The Hyperloop – a new era for mobility

The Hyperloop – a new era for mobility

3 June 2019
hyperloop Mobility transportation

But what is a Hyperloop? Basically, it’s a system of capsules carrying passengers or freight through a near-vacuum tube, free of air friction, at speeds of 1,200 km/h propelled by magnetic levitation. If the Hyperloop lives up to its hype, it won’t only be an evolution for rail transport but a real revolution for mobility in general.

From Jules Verne to Elon Musk: the underlying concept

A true visionary genius, it was Jules Verne who was the first to imagine “pneumatic tubes stretching across the oceans” that could transport people at 1,500 km/h. Described in his predictive short story “In the Twenty-Ninth Century: The Day of an American Journalist in the Year 2889″, could this futuristic transport system have been a source of inspiration for South-African entrepreneur Elon Musk?

Legend has it that it was the hours Musk wasted in Californian traffic jams every day that gave him the idea for the Hyperloop. First publicly mentioned in 2012, Musk describes the Hyperloop as a “cross between a Concorde, a rail gun and an air hockey table”. This fifth mode of transport (alongside boats, planes, cars and traditional trains) would be an ultra-fast and safer alternative to air travel and would be immune to weather conditions.

Organic development

To give his concept the best chance of success, Elon Musk went against standard industrial practice and made the Hyperloop an open-source project. A dozen companies joined the development race, but three main start-ups have now pulled away from the others: Virgin Hyperloop One and Hyperloop Transportation Technologies, both based in California, and Transpod based in Canada.

The technical challenges are huge: creating the tubes and evacuating the air in them, designing the pressurized capsules, developing the system for magnetically levitating the capsules and devising the linear induction motors to propel them. And all the while keeping to a reasonable budget so this ultra-high-speed train can continue to be developed over the long term.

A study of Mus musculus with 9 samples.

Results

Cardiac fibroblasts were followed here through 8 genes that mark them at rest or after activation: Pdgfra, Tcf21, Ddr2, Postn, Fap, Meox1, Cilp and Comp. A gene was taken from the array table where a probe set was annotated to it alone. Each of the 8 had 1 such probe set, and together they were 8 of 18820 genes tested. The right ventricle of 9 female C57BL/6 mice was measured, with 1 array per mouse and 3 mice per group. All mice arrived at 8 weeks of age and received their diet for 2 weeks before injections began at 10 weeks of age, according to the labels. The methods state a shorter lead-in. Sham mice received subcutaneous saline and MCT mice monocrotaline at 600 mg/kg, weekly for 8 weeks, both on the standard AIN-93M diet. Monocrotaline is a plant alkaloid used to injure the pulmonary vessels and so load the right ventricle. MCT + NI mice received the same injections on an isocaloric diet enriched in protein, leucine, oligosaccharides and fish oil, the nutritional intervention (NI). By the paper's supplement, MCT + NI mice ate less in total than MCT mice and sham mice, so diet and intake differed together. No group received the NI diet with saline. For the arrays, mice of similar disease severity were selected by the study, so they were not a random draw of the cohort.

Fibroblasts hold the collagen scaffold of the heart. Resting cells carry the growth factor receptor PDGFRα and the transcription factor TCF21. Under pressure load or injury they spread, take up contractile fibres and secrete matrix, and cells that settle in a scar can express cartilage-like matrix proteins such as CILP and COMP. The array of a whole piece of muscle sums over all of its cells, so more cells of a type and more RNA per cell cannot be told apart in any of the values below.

In the trio of start-ups currently heading the development race, Virgin Hyperloop One seems to be in front. In May 2016, it successfully conducted the first live trial of Hyperloop technology, on a test track near Las Vegas in Nevada. The following year, its prototype travelled 450 metres and reached a speed of 310 km/h – still a long way off the world record speed of 603 km/h currently held by the “Maglev” train in Japan. Virgin Hyperloop One aims to have a working freight hyperloop system in place by 2021.

Hyperloop TT’s objectives are even more ambitious. This start-up – which has built a test site in the Toulouse region in France – has promised to link Dubai to Abu Dhabi by hyperloop by October 2020. TransPod is more prudent, setting 2030 as the date for its first commercial line.

Revolutionising mobility on a global scale

Three and a half hours to get from New York to San Francisco, just under six hours to travel to Vladivostok from Moscow (versus seven days on the Trans-Siberian which it currently takes), seven hours to cross the African continent from Algiers to Cape Town, and so on. Since the disappearance of Concorde, the Hyperloop represents the most radical mobility innovation on both a local and global scale.

In addition to offering impressive speeds, this magnetic train could be energy self-sufficient thanks to the use of cladding made of solar panels, and regenerative braking. In these times of energy transition, this is a very strong argument to win over the faint-hearted.

Will these ambitious entrepreneurs be proved right in the future? If the Hyperloop does see the light of day, this train-plane would be a way of creating closer links between both neighbouring and distant countries and of reminding us that we all live on the same planet.